Imploding Tiny 3D Prints

If you think about 3D printing, the ultimate goal would be to lay down specific atoms or molecule and build anything. Despite a few lab demonstrations at that scale, generally, it is easier to print in the macro scale than the micro. While it won’t get down to the molecule level, implosion fabrication is a new technique researchers hope will allow you to print large things and then shrink them. The paper describing the process appeared in Science. If you don’t want to pay your way through the paywall, you can read a summary on NewScientist or C&EN. Or you can scour the usual sources.

The team at MIT uses the same material that is found in disposable diapers. A laser traces patterns and the light reacts to a chemical implanted in the diaper material (sodium polyacrylate). That material can swell to many times its normal size which is why it is used in diapers. In this case, though, the material is swollen first and then reduced back to normal size.

Using this process has resulted in features as fine as 10 nanometers. If your 3D printer is well-tuned you might do 0.1 mm layer heights. A 10-nanometer structure is 10,000 times smaller than that.

Oddly enough, the process is the reverse of a process used to “zoom up” brain tissue samples for examination. The technique doesn’t require too many specialized tools, although you do need a “two-photon laser” which is not as exotic as it sounds and is used in fluorescence microscopy.

The real issue, of course, is going to be how repeatable and predictable the scaling is. Usually getting higher print resolutions means a finer nozzle, but this is an entirely different concept.

10 thoughts on “Imploding Tiny 3D Prints

  1. “The team at MIT uses the same material that is found in disposable diapers.”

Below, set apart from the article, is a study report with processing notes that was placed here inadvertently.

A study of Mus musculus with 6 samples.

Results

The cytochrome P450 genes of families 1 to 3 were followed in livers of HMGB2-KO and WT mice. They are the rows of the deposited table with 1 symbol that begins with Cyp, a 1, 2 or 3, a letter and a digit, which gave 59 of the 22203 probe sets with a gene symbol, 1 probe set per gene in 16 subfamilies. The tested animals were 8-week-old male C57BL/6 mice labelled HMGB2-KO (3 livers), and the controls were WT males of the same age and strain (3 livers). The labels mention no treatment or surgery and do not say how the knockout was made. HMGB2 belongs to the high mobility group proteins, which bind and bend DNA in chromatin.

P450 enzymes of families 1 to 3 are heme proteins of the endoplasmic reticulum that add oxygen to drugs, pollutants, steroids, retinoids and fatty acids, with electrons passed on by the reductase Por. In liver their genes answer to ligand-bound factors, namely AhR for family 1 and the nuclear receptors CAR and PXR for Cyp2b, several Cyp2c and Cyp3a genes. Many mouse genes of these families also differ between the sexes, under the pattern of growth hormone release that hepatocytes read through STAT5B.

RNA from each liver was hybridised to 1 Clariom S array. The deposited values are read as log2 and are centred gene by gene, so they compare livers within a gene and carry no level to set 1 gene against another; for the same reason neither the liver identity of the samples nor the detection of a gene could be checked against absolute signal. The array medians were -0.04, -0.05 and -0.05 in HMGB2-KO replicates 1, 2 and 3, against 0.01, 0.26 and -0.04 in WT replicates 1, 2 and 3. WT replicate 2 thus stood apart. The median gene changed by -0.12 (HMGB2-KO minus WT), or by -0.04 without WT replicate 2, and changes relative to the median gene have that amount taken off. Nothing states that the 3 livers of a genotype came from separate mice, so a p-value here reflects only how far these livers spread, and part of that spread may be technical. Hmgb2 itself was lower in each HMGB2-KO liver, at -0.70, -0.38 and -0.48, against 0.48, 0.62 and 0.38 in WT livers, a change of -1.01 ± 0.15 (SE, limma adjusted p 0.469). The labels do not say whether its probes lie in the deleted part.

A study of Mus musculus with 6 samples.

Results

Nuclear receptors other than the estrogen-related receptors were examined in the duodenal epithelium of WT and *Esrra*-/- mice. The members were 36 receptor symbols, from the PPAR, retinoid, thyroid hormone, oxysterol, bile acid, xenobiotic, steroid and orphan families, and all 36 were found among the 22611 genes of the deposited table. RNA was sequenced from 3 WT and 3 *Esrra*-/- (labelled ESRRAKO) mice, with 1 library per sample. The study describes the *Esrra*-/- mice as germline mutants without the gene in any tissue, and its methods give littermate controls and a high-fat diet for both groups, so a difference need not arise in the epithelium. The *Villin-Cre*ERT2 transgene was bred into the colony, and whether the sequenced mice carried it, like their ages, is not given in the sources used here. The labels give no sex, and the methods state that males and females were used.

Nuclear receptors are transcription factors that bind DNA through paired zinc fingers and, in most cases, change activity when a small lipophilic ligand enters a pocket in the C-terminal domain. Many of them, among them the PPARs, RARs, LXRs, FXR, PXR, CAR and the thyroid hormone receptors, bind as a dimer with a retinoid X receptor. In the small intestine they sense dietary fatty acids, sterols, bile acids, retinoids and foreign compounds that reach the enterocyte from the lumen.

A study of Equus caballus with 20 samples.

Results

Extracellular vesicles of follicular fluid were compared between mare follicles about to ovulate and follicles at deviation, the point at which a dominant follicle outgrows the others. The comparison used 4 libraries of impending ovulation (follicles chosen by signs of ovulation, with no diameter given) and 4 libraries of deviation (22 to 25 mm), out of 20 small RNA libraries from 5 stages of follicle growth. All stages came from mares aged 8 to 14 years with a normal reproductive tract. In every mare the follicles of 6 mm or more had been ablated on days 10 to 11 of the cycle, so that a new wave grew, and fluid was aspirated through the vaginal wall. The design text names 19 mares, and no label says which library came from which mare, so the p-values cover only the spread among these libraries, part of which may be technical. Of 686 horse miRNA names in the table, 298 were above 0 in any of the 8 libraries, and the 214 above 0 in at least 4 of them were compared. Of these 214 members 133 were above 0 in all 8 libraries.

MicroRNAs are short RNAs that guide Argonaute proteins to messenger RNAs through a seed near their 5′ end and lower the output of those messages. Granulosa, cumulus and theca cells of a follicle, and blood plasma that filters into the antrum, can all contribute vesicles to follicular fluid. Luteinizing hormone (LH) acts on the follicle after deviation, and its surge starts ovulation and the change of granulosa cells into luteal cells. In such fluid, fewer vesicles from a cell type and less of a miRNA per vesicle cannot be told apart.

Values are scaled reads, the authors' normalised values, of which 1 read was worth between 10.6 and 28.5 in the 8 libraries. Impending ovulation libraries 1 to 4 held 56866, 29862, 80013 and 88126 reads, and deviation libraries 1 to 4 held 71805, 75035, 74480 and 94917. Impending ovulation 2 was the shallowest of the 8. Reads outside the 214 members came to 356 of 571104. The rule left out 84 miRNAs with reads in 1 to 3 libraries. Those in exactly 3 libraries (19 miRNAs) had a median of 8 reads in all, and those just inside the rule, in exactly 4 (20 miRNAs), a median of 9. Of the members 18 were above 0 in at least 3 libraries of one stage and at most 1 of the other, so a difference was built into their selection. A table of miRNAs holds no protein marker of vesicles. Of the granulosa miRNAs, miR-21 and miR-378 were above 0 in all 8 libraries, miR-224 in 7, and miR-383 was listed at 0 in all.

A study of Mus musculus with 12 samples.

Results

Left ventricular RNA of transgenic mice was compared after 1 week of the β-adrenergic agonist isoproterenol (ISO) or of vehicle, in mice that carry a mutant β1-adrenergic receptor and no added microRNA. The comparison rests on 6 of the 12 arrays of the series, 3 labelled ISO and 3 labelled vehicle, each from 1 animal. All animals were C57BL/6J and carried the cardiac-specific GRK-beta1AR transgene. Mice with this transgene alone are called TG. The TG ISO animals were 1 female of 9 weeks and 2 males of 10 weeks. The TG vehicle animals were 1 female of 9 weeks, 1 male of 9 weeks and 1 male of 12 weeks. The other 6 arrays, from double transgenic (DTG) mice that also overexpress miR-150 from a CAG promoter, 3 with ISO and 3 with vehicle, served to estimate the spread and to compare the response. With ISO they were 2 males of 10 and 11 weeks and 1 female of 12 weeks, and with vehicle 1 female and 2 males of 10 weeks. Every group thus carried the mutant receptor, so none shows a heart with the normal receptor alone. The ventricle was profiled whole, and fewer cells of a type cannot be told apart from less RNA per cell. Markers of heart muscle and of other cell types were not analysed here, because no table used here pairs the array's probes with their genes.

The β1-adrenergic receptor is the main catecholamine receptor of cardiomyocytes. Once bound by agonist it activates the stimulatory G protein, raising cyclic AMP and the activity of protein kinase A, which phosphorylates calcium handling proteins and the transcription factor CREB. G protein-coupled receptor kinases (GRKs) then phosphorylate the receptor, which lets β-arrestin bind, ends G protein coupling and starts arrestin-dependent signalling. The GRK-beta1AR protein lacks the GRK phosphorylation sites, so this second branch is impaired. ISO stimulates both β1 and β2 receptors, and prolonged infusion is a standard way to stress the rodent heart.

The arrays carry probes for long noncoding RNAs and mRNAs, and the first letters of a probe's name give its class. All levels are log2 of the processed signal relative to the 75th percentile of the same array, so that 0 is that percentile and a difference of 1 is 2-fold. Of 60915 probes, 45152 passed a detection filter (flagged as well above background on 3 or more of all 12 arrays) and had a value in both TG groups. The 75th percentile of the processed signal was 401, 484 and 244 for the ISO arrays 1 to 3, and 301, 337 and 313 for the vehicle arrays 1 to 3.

Disposable prints to go with the cheap, disposable printers. “Hey my print failed!” *throws printer in trash*

  2. Sodium polyacrylate has fairly poor physical properties (strength) though once hydrated. There are more hydrogel like chemistries that can have some strength and there are other hydrogels at least that can have considerable strength. Not sure if sodium polyacrylate based hydrogels have managed to achieve this or not?

    Getting this to shrink repeatably across considerably different geometries is likely going to be a big challenge as well. Might be computationally solvable though?

    Probably takes some time to shrink as well unless you accelerate things in a higher temperature environment?

  3. Any elongated solid will shrink when heated to temperatures near the melting point of its material, due to its surface tension. Perhaps that could be used to shrink structures made of identical tiny beams.

  4. Remember Shrinky-Dinks? Writing on them before baking would shrink the writing smaller than most people could write, but it was still legible.

    Combine this with the availability of whole sheets of shrinky-dink material, and the tendency of high-school teachers to allow “one 3×5-inch card” of notes on certain exams, and I think you see where this is going.

  5. “the ultimate goal would be to lay down specific atoms or molecule and build anything”


    That would be a lofty goal but not the ULTIMATE one.

    Many elements are still rare and/or expensive. An ULTIMATE printer would print in subatomic particles derived from atoms of common, inexpensive elements thus allowing it to produce things made of any desired kind of atom cheaply.

    Ok.. there you go… I just gave you a goal. Now go get inventing!